Dei'ah veDibur - Information & Insight

A Window into the Chareidi World

8 Av 5759 - July 21, 1999 | Mordecai Plaut, director Published Weekly









It has only been a matter of days since the chareidi representatives in the Knesset, under the direction of the gedolim, raised their hands in support of the current government, in the expectation that the new Prime Minister and all the partners of the coalition would keep their part of the agreement that they just signed with United Torah Judaism (UTJ) to make legal arrangements for yeshiva students to continue their studies uninterrupted, and to maintain the religious status quo. But days is all it took for these agreements to be violated, both in letter and in spirit.

"Of the Heavens"

The following are excerpts from a pamphlet published by Rabbi Alex Schutz entitled "Of the Heavens" (Di Shemaya -- in Hebrew and English) in parallel with the current masechta of the daf yomi: Rosh Hashanah. The first part is from the Introduction, and the second is taken from a comment on the masechta itself.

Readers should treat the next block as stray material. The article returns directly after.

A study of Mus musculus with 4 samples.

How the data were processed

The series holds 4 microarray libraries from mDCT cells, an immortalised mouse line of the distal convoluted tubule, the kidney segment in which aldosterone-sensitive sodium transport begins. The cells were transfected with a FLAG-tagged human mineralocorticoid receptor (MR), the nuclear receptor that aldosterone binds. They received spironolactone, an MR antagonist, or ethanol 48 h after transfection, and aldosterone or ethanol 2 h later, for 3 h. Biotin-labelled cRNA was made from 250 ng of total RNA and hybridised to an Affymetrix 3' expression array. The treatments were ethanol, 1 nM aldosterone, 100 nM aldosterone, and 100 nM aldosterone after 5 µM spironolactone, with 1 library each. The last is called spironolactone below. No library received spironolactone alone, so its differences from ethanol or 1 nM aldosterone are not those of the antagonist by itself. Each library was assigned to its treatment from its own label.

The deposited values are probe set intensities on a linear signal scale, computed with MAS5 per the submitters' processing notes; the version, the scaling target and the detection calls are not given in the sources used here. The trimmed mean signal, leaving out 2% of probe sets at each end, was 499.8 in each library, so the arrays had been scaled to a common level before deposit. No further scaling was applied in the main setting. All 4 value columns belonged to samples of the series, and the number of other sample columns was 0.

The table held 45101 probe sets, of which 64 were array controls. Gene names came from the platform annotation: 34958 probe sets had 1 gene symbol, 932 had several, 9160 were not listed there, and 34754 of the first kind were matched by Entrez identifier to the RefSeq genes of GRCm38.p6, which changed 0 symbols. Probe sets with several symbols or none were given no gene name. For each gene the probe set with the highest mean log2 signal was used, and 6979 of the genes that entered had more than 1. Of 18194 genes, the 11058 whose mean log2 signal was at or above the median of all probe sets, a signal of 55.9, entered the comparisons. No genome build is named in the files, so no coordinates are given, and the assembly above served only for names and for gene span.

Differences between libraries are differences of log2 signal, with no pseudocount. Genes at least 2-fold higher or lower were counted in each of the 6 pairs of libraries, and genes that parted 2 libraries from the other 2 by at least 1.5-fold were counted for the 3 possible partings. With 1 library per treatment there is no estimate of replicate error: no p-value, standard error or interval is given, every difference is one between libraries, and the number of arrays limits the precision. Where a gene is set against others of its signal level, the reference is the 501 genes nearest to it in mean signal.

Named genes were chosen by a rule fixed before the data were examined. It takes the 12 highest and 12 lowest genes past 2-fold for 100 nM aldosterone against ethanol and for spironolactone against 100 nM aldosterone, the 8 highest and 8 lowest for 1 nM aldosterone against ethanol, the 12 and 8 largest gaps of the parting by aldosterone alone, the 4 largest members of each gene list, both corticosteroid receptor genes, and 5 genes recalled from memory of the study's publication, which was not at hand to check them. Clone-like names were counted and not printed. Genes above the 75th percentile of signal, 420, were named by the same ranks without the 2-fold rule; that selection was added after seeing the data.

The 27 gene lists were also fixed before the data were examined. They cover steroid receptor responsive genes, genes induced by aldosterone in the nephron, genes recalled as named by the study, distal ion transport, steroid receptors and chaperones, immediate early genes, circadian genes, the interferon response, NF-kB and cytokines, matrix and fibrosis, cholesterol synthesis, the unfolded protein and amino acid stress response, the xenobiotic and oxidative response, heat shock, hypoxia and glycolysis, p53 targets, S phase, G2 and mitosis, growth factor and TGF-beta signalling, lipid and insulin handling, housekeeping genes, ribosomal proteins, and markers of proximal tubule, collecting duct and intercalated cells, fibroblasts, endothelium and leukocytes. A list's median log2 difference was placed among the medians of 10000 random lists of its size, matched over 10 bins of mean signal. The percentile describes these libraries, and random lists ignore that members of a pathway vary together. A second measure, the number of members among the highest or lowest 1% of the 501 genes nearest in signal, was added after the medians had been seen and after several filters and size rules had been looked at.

Every Day and Every Minute Counts
by HaRav Eliezer Dunner

There are several mitzvos in the Torah involving counting time. First the Torah (parshas Metzora) informs us of the mitzvah to count the seven clean days of the zovoh (this law does not apply at all today): "If she be cleansed of her zov then she shall count to herself seven days and after that she shall be clean" (Vayikro 15:28).

They Act in Love and Are Content With Suffering
by L. Jungerman

"And you shall love Hashem your G-d . . . with all your means (bechol me'odecho)' -- with every measure He metes out to you" (Chazal).

The word me'od, exceedingly, in great measure, generally serves to emphasize the unique. When we seek to stress that we are not talking about "good" in the usual sense, or "great, big," in normal terms, we say tov me'od, good indeed, or godol me'od, exceedingly large.

Surprise Ending
by Eric Simon

I felt like a sociologist in a documentary film. Surrounded by at least a hundred dark-suited and for the most part black-hatted and bearded men, ritual fringes hanging at their sides, I -- a comfortably Reform Jew from the suburbs -- definitely stood out in the Friday night crowd at this particular synagogue.